President Biden recently signed several immigration-related executive orders to:

Develop a strategy to address irregular migration across the southern border and create a humane asylum system.

The Biden administration said it will address the underlying causes of migration; collaborate with regional partners, including foreign governments, international organizations, and nonprofits to shore up asylum seekers' and migrants' protection and opportunities closer to home; and ensure that Central American refugees and asylum seekers have access to legal avenues to the United States. The order also directs the Secretary of Homeland Security to review the Migrant Protection Protocols program, and directs a series of actions to restore the U.S. asylum system, "including by rescinding and directing agency review of a host of Trump Administration proclamations, rules, and guidance documents that have effectively closed the U.S. border to asylum seekers."

Restore the U.S. refugee admissions program.

This order launches administrative reform efforts with a goal of increasing refugee admissions to 125,000 in the first full fiscal year of the Biden administration, and proposing a raise in refugee admissions for this fiscal year after consulting with Congress. Among other things, the order will expand refugee adjudication capacity and review the current Special Immigrant Visa program for Iraqis and Syrians.

Elevate the role of the White House in coordinating the federal government's strategy to promote immigrant integration and inclusion.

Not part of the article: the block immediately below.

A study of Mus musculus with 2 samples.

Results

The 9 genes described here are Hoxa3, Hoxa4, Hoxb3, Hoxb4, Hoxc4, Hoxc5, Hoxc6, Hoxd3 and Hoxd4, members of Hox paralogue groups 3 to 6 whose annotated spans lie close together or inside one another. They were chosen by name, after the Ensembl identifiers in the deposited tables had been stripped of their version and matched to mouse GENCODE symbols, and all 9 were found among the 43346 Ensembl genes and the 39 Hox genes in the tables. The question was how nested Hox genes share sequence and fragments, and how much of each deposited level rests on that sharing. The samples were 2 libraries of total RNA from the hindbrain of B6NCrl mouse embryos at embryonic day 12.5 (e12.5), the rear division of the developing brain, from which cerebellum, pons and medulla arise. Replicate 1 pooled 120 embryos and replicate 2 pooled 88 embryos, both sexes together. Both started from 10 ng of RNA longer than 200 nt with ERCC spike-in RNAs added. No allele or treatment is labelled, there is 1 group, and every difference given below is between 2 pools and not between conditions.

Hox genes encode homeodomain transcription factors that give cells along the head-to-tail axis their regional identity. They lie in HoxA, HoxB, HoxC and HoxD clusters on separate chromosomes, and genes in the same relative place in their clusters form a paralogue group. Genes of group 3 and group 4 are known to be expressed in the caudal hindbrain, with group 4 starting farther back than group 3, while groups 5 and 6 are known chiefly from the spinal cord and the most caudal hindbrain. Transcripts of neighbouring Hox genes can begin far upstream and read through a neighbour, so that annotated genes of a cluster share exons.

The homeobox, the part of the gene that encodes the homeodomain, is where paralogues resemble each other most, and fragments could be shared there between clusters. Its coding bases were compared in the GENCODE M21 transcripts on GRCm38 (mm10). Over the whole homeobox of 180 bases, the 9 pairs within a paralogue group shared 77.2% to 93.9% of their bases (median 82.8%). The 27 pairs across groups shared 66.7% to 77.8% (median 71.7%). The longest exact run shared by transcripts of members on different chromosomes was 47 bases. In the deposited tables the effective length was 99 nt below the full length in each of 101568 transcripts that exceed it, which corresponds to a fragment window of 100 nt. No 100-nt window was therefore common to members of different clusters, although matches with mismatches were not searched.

This order includes re-establishing a Task Force on New Americans, and "ensuring that our legal immigration system operates fairly and efficiently." The order requires agencies to review "recent regulations, policies, and guidance that have set up barriers to our legal immigration system" and "rescinds President Trump's memorandum requiring family sponsors to repay the government if relatives receive public benefits, instructs the agencies to review the public charge rule and related policies, and begins a review to streamline the naturalization process."

Create a task force to reunify families.

This task force will work across the U.S. government, with "key stakeholders and representatives of impacted families," and with "partners across the hemisphere to find parents and children separated by the Trump Administration." The task force will make recommendations on next steps for reunification, and "to prevent such tragedies from occurring again," and will report regularly to the President.